Donald Trump has given Electoral College strong grounds to reject him, say ethicists

Trump will now almost certainly violate the constitution from day one of his presidency

Click to follow

Donald Trump’s postponement of an announcement regarding his many conflicts of interest could be grounds for the Electoral College to block his presidency, leading US ethicists have said.

The President-elect had promised to clear up the situation before electors meet to approve his candidacy on 19 December, scheduling a press conference for this Thursday.

But on Tuesday evening, Mr Trump announced that he would be delaying any decisions until January - meaning members of the Electoral College will be expected to vote him in despite the real danger he could violate the US Constitution from the moment he is inaugurated.

Electoral college members demand information on Russian relations before voting to make Donald Trump

Mr Trump’s various overseas business interests, as they stand, are almost certainly in breach of the Emoluments clause of the Constitution - stating that no elected official may take payment or profit in any kind from a foreign leader or state.

His domestic businesses, particularly the public lease on the new Trump International Hotel in Washington, will also throw up conflicts of interest when he becomes president.

Ethicists have said the only satisfactory way Mr Trump could assuage these conflicts is to hand his entire business empire over to a blind trust, as other presidents have done before him.

But in a series of tweets on Tuesday night, in which he said he would “hold a press conference in the near future” to provide more detail, Mr Trump said he would hand control of his businesses over to his adult sons - a measure which would not remove the appearance of a conflict.

He also said he would be simply "leaving" his businesses rather than fully divesting, and added there would be "no new deals will be done during my term(s) in office".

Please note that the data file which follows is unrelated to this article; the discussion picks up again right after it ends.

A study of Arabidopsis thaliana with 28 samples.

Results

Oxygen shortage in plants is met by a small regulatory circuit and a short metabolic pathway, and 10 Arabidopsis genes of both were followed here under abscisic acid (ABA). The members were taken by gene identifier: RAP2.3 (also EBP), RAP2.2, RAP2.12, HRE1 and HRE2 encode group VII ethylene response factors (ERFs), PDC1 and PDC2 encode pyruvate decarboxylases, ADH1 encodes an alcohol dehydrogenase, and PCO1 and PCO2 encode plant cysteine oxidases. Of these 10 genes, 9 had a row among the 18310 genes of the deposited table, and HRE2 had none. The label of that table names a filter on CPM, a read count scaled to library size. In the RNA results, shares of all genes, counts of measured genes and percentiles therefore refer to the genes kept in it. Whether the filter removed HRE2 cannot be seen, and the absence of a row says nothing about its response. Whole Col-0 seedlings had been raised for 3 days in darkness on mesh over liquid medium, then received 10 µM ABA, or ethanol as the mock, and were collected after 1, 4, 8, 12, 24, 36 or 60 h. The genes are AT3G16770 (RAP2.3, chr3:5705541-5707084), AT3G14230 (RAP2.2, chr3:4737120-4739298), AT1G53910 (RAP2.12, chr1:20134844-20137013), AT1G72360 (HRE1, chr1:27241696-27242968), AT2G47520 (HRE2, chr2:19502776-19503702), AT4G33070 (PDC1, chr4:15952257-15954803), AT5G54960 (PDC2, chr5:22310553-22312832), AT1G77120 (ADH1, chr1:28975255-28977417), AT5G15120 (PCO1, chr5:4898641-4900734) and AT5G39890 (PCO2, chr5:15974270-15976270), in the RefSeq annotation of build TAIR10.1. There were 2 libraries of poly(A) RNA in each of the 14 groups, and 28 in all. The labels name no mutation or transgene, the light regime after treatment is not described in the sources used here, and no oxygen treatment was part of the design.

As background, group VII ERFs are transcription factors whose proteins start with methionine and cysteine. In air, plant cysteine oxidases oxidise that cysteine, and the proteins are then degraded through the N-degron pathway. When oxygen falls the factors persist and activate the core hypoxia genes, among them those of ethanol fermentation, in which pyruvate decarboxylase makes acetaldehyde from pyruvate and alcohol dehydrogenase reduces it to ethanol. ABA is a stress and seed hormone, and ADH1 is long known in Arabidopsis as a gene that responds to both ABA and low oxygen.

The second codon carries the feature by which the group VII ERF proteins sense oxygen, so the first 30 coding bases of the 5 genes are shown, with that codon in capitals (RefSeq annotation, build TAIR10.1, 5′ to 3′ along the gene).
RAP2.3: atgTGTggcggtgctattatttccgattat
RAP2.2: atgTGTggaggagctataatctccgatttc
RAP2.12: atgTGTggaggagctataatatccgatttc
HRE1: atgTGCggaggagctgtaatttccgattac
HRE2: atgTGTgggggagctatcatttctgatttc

Former White House ethics lawyers Richard Painter, who served under George W Bush, and Norman Eisen, who served under Barack Obama, have issued a joint statement explaining why that’s so problematic.

They said: “With Trump's cancellation of his announcement of how he will handle his admitted business conflicts, electors are now confronted with voting for a man who will be in violation of the Constitution on day one unless he divests, and who has not told us his plan to do that. 

“As we have previously said, electors should search their consciences. Now they must search twice as hard.”

One Republican elector has already pledged not to vote for Mr Trump on the basis that he is unqualified to lead, meaning 36 more would need to join him in under a week if there were to be any chance of the Electoral College blocking the election result.

But the conflicts in particular represent a difficult situation for the College which, according to founding father Alexander Hamilton, was set up to ensure “that the office of President will never fall to the lot of any man who is not in an eminent degree endowed with the requisite qualifications”.

Eisen told Quartz: “He is hesitating in response to an outcry including last week’s bipartisan letter, and to the fact that two thirds of Americans are concerned about his conflicts. This is the latest in a series of backtracks by the President-elect.

“Let’s hope he takes the additional time to do the right thing, follow every president for the past four decades, and divest into a blind trust or the equivalent.”

Mr Trump’s assertion in his tweets that he is “not mandated by law” to give up control of his businesses is debatable at best, as ethicists have previously documented. In short, being the President will shield him from some aspects of conflict-of-interest laws - but by no means all of them.

His activities since becoming President-elect suggest he holds little regard for the public appearance of conflicts. This week we learned he will not even give up his role as executive producer on the Celebrity Apprentice, despite the fact that the company which makes it relies on government permits to build its casinos.

He considered making his son-in-law Jared Kushner a White House advisor, and then a Middle East envoy, despite clear anti-nepotism laws.

And he allowed his daughter Ivanka Trump - an executive in his business empire - to sit in on a meeting with the Japanese Prime Minister.